10 S.E.2d 198


13338.Supreme Court of Georgia.
JULY 13, 1940.

The record in the instant case not properly presenting for decision any question as to the constitutionality of a statute, and the case not being one which otherwise comes within the jurisdiction of the Supreme Court, it is transferred to the Court of Appeals.

No. 13338. JULY 13, 1940.
Plumbing for hire without license. Before Judge Baldwin. Macon city court. March 16, 1940.

Hallie B. Bell, for plaintiff in error.

O. C. Long, solicitor, and R. H. Casson, contra.

BELL, Justice.

By an accusation filed in the city court of Macon, Milo V. Abel was charged with a misdemeanor; for that on September 2, 1938, in Bibb County, Georgia, he did “then and there unlawfully follow the occupation of plumbing for hire and pay, in the county aforesaid, without first registering his name in a book kept by the county health officer for that purpose, and without having


“4. Said statute or the alleged law violated art. 1, sec. 1, par. 1, of the State constitution and the due-process clause of the constitution of the United States.”

“6. Defendant demurs to said statute, the same being number 88-201, 88-202, 88-203, 88-204, 88-205, 88-9902 of the Code of the State of Georgia, in that it violates the constitution of the State of Georgia and violates the constitution of the United States, and the statute which said accusation is based upon is in violation of the constitution of Georgia and in violation of the constitution of the United States, and that said statute is unreasonable, uncertain, indefinite, and unenforceable, and therefore invalid, said statute is uncertain, unreasonable, indefinite, vague, and is void.”

“8. Defendant demurs to said statute and said accusation and to said alleged charges against this defendant, in that the said statute, same being number 88-201, 88-202, 88-203, 88-204, 88-205, 88-9902, attempts to delegate the powers to members of a certain board, to wit: the county superintendent of schools, the chairman of the board of roads and revenues, and a reputable physician elected by the grand jury of the county, and that said delegation and said powers are illegal and unlawful, and the legislature of the State of Georgia can not delegate its powers to members of boards or to other boards or any other person.”


“21. The said statute and the said alleged charge and said accusation violates art. 3, sec. 1, par. 1, which vests the legislative power of the State in the General Assembly, and the same violates said section, and is void, unreasonable, invalid, and can not be enforced.”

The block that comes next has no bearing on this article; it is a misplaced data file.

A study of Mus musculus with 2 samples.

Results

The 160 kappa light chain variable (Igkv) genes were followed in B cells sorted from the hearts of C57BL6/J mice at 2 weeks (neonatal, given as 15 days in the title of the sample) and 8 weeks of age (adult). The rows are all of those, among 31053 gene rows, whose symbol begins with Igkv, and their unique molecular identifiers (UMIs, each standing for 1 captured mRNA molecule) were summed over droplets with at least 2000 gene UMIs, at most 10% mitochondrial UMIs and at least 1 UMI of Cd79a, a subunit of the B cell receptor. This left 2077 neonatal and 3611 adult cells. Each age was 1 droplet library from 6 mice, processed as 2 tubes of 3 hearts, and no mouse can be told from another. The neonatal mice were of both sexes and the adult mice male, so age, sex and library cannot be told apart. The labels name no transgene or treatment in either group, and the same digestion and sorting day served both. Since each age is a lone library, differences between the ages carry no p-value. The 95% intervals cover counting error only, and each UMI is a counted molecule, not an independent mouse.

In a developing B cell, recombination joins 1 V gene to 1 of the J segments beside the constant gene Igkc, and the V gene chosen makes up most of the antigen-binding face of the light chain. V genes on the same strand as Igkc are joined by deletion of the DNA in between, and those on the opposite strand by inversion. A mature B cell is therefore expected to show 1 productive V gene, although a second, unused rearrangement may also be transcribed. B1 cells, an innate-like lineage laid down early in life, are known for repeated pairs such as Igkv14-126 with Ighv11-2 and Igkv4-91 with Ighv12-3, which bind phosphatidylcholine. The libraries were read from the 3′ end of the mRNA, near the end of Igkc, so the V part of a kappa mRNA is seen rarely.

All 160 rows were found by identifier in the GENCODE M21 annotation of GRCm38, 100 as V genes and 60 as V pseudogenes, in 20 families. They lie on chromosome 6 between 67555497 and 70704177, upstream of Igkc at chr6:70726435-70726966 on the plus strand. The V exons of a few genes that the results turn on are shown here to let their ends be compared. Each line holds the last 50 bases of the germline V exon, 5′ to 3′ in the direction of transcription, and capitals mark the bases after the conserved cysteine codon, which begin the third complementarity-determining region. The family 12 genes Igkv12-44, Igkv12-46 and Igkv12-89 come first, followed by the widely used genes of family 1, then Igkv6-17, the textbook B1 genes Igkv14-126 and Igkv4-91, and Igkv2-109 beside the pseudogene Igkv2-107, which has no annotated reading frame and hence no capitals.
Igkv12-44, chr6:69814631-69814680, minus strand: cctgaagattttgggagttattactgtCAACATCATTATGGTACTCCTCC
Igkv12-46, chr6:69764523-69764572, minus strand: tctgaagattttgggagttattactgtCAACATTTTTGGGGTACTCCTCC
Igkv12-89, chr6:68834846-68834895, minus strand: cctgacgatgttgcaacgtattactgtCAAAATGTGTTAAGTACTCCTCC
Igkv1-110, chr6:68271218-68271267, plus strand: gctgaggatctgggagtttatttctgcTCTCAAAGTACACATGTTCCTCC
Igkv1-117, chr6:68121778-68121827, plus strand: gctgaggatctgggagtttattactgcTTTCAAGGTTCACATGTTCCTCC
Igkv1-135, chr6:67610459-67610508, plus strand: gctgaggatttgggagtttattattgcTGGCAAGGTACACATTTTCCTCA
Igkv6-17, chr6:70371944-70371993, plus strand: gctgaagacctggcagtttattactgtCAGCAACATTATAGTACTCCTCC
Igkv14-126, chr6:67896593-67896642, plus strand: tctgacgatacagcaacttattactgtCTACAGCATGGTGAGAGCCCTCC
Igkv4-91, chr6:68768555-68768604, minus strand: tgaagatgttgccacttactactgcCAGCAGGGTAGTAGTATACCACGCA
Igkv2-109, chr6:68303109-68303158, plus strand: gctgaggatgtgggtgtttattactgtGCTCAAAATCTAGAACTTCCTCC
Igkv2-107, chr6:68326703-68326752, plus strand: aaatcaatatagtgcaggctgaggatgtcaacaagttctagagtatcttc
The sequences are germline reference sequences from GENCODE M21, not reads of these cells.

In order to raise a question as to the constitutionality of a “law” (Code, § 2-3005), the statute which the party challenges, and the provision of the constitution alleged to have been violated, must both be clearly specified, and it must also be shown wherein the statute violates such constitutional provision. None of the foregoing grounds of demurrer was sufficient to comply with this rule in all respects, and thus to bring the case within the jurisdiction of the Supreme Court. See Pace v Goodson, 127 Ga. 211 (56 S.E. 363); Harris v. State, 147 Ga. 489 (94 S.E. 572); Crapp v. State, 148 Ga. 150
(95 S.E. 993); Spielberger v. Hall, 159 Ga. 511
(126 S.E. 391); Loftin v. Southern Securities Co., 162 Ga. 730 (2) (134 S.E. 760); Inlow v. State, 168 Ga. 377
(147 S.E. 881); Curtis v. Helen, 171 Ga. 256 (2 c, d) (155 S.E. 202); Jordan v. State, 172 Ga. 857 (159 S.E. 235) Wright v. Cannon, 185 Ga. 363 (195 S.E. 168); Williams
v. State, 187 Ga. 415 (2) (1 S.E.2d 27); Poole v Arnold, 187 Ga. 734, 742 (1 b) (2 S.E.2d 83). Ground 4 does not specify any statute or show wherein any provision of the constitution has been violated. Grounds 6, 8, and 10 do not designate or specify any provision of the constitution. Ground 21 does not state wherein or in what respect “the said statute” violates the stated provision of that instrument.

In holding that the several grounds of demurrer were defective for reasons indicated, we do not decide upon their sufficiency in other respects. In two grounds, six different and distinct sections of the Code are jointly attacked. Whether or not this was a sufficient specification of statute (Crapp v. State, 148 Ga. 150,

v. Peterson, 181 Ga. 266, 182 S.E. 15), these particular grounds are still inadequate for failure to designate any constitutional provision with which the statute is claimed to be in conflict, and on the whole the demurrer failed to present any question of which the Supreme Court has jurisdiction.

Since a statute is presumed to be valid and constitutional until the contrary appears, and can not be lawfully set aside by the courts unless the alleged conflict with the constitution is plain and palpable, the burden is upon any party who assails it to present his attack in clear and definite terms, in order to call forth judicial action concerning it. In so grave or important a matter as declaring invalid an act of a co-ordinate department of government, the courts will not act upon vague and uncertain charges, and should decline to do so unless and until a clear and specific contention or question is presented for determination. Mayes v. Daniel, 186 Ga. 345
(198 S.E. 535); Savannah c. Railway Co. v. Hardin, 110 Ga. 433, 437
(35 S.E. 681); Laffitte v. Burke, 113 Ga. 1000
(39 S.E. 433); Carswell v. Wright, 133 Ga. 714 (4) (66 S.E. 905) Griggs v. State, 3 Ga. App. 683 (60 S.E. 364). It is of course the duty of this court to inquire upon its own motion into the question of its jurisdiction. Code, § 2-3005; Etheridge v Henderson, 188 Ga. 189 (2) (3 S.E.2d 674).

From what has been said, the Court of Appeals, and not the Supreme Court, has jurisdiction; and the case will be

Transferred to Court of Appeals. All the Justices concur.